With Democratic control, Michigan Gov. Whitmer pushes for health care and climate change laws


LANSING, Mich. (AP) — Michigan Gov. Gretchen Whitmer gave an outline of Democratic plans for the final months of the year in a speech Wednesday that included calls for funding paid family and medical leave, mandating a 100 percent clean energy standard and codifying protections ensured by the Affordable Care Act.

The second-term Democratic governor highlighted her policy priorities during a “What’s Next Address,” following the first half of 2023 that saw the party roll back decades of Republican measures while implementing its own liberal agenda.

“What’s next on the fall agenda for Michigan is: the health of our people; the health of our planet; the health of our economy; and the health of our democracy,” Whitmer said Wednesday in Lansing.

Lawmakers are set to return to the state Capitol Sept. 5 after a two-month summer break. Michigan is one of the few states with a full-time legislative session and Democrats are looking to take advantage of every minute with control of the state House up for grabs next year.

“Our plans are ambitious, but they are achievable. Let’s get them done,” Whitmer said in her speech as legislative leaders looked on.

Michigan Democrats hold a “trifecta” — control of the state House, state Senate and the governor’s office — for the first time in nearly 40 years and passed numerous long-sought measures in the first eight months of the year, including an 11-bill gun safety package and the repeal of a right-to-work law.

READ MORE: Men accused in plot to kidnap Michigan Gov. Whitmer wanted to start a civil war, prosecutor says

Whitmer has delivered a “State of the State” address at the start of each year, as most governors do, but her Wednesday speech ahead of the second half of the legislative session was a first. Democrats passed nearly every measure that Whitmer called for at the beginning of the year and her speech this week could once again provide a roadmap of what’s ahead.

As neighboring states continue to tighten restrictions on abortion, Whitmer called for Michigan to further protect reproductive rights. She asked lawmakers to repeal “politically motivated, medically unnecessary restrictions,” on the procedure, such as a 24-hour wait period for patients. Voters in the state approved a ballot measure last year that codified abortion rights in the state Constitution.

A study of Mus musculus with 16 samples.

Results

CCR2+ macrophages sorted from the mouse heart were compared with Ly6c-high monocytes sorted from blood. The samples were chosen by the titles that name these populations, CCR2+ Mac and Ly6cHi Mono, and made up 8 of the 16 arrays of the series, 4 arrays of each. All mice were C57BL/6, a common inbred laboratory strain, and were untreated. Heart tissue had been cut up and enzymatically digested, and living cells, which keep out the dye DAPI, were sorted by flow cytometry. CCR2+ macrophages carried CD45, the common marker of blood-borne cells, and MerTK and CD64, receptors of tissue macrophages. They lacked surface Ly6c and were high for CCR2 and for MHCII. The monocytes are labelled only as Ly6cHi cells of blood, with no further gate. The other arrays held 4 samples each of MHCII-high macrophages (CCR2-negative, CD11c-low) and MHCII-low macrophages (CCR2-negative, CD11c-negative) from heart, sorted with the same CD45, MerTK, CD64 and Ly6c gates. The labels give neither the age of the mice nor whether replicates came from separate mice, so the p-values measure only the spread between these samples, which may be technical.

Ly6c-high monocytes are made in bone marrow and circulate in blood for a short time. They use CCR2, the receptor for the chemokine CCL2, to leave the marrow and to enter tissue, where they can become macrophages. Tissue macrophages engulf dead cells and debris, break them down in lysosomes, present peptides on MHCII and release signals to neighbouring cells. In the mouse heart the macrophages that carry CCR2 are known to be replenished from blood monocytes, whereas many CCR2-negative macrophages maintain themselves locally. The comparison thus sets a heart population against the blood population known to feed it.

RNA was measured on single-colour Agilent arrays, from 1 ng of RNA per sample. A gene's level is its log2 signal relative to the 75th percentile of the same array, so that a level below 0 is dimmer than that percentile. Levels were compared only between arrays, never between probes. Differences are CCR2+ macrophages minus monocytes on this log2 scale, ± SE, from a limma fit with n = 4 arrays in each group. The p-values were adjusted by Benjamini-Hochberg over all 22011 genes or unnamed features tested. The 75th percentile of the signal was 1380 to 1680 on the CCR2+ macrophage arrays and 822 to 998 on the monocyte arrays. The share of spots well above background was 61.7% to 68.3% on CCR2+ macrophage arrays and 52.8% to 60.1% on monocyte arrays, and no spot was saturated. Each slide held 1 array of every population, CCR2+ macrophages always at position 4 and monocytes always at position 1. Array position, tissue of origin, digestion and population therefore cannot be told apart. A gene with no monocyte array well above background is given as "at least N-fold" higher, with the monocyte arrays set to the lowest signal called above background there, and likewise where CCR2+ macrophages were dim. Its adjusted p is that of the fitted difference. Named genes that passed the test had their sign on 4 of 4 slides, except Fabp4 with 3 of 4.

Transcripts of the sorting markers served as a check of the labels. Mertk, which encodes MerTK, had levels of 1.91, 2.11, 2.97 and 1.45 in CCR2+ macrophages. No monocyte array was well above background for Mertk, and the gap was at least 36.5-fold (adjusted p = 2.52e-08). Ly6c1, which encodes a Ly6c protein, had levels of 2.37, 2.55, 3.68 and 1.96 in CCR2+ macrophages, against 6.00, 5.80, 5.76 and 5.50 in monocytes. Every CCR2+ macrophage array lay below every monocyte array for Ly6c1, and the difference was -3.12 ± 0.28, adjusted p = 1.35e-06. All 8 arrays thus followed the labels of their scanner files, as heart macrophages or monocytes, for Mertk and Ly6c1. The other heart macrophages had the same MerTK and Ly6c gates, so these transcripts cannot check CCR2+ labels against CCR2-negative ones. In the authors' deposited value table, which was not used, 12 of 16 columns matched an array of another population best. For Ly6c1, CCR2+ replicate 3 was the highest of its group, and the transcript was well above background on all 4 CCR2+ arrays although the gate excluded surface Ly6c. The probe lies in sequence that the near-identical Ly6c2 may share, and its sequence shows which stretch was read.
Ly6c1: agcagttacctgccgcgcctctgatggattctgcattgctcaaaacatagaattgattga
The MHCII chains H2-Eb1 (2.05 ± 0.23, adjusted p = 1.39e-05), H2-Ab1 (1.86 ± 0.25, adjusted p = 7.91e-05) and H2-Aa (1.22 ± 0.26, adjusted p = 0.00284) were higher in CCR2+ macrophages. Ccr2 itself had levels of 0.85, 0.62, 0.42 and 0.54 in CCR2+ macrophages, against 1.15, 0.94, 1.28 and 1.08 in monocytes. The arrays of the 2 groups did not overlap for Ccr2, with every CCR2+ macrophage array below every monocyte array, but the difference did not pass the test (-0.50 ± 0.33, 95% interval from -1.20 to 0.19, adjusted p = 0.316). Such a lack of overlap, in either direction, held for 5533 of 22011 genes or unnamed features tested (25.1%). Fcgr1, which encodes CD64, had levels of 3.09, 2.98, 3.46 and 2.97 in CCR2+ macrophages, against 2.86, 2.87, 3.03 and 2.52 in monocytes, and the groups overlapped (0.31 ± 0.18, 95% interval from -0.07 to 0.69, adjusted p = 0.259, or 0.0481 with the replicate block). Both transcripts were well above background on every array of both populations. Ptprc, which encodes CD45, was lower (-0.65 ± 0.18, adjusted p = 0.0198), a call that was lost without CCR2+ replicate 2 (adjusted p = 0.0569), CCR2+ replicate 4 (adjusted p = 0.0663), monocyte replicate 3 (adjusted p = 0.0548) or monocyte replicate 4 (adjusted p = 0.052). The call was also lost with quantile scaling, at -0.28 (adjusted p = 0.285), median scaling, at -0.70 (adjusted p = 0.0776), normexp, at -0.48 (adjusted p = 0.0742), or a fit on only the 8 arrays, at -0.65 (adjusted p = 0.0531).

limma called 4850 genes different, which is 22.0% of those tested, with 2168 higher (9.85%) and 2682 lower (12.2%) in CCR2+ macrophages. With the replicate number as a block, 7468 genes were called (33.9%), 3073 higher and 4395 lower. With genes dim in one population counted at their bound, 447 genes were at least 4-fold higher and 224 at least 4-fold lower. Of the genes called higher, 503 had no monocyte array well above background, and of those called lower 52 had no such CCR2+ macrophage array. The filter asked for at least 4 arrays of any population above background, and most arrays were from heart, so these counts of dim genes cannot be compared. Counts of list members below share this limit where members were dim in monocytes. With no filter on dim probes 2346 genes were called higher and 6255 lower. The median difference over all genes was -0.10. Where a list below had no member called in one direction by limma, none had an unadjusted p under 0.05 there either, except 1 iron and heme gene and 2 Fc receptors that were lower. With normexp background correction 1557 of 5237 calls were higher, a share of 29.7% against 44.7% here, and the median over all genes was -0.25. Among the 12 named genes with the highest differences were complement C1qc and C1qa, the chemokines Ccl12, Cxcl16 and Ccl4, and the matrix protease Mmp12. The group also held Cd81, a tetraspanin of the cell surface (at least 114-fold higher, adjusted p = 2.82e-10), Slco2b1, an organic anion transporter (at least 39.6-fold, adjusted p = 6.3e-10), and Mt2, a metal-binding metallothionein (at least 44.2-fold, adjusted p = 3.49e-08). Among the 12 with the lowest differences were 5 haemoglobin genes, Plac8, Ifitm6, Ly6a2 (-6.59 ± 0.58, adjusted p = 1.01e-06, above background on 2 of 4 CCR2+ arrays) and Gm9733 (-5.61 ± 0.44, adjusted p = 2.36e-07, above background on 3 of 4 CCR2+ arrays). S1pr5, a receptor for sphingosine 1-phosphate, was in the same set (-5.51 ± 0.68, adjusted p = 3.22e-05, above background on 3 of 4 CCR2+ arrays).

“With a US Supreme Court stripping away basic rights, we must be proactive about repealing these antiquated state laws,” Whitmer said.

One of Whitmer’s more ambitious priorities was a call for legislation providing paid family and medical leave, which “77 percent of Michigan workers do not have access to,” according to her.

She also wants to pass legislation proactively protecting key provisions included in “Obamacare,” including one that requires insurers to cover preventive services, as the nation’s health law continues to face legal challenges in federal court.

Republicans have been critical of a legislative session that they say so far has lacked bipartisanship, with many bills passing along party lines. They were also critical of a $82 billion budget that was approved in June and crafted primarily by Democrats.

Republican state Rep. James DeSana criticized Whitmer in a statement ahead of her speech for taking a “victory lap” days after Michigan was hit by multiple tornadoes that killed five people and left hundreds of thousands of customers without power.

Whitmer did not address the continued power outages across the state in her speech but said that the state’s utility regulator, the Michigan Public Service Commission, “needs more tools.”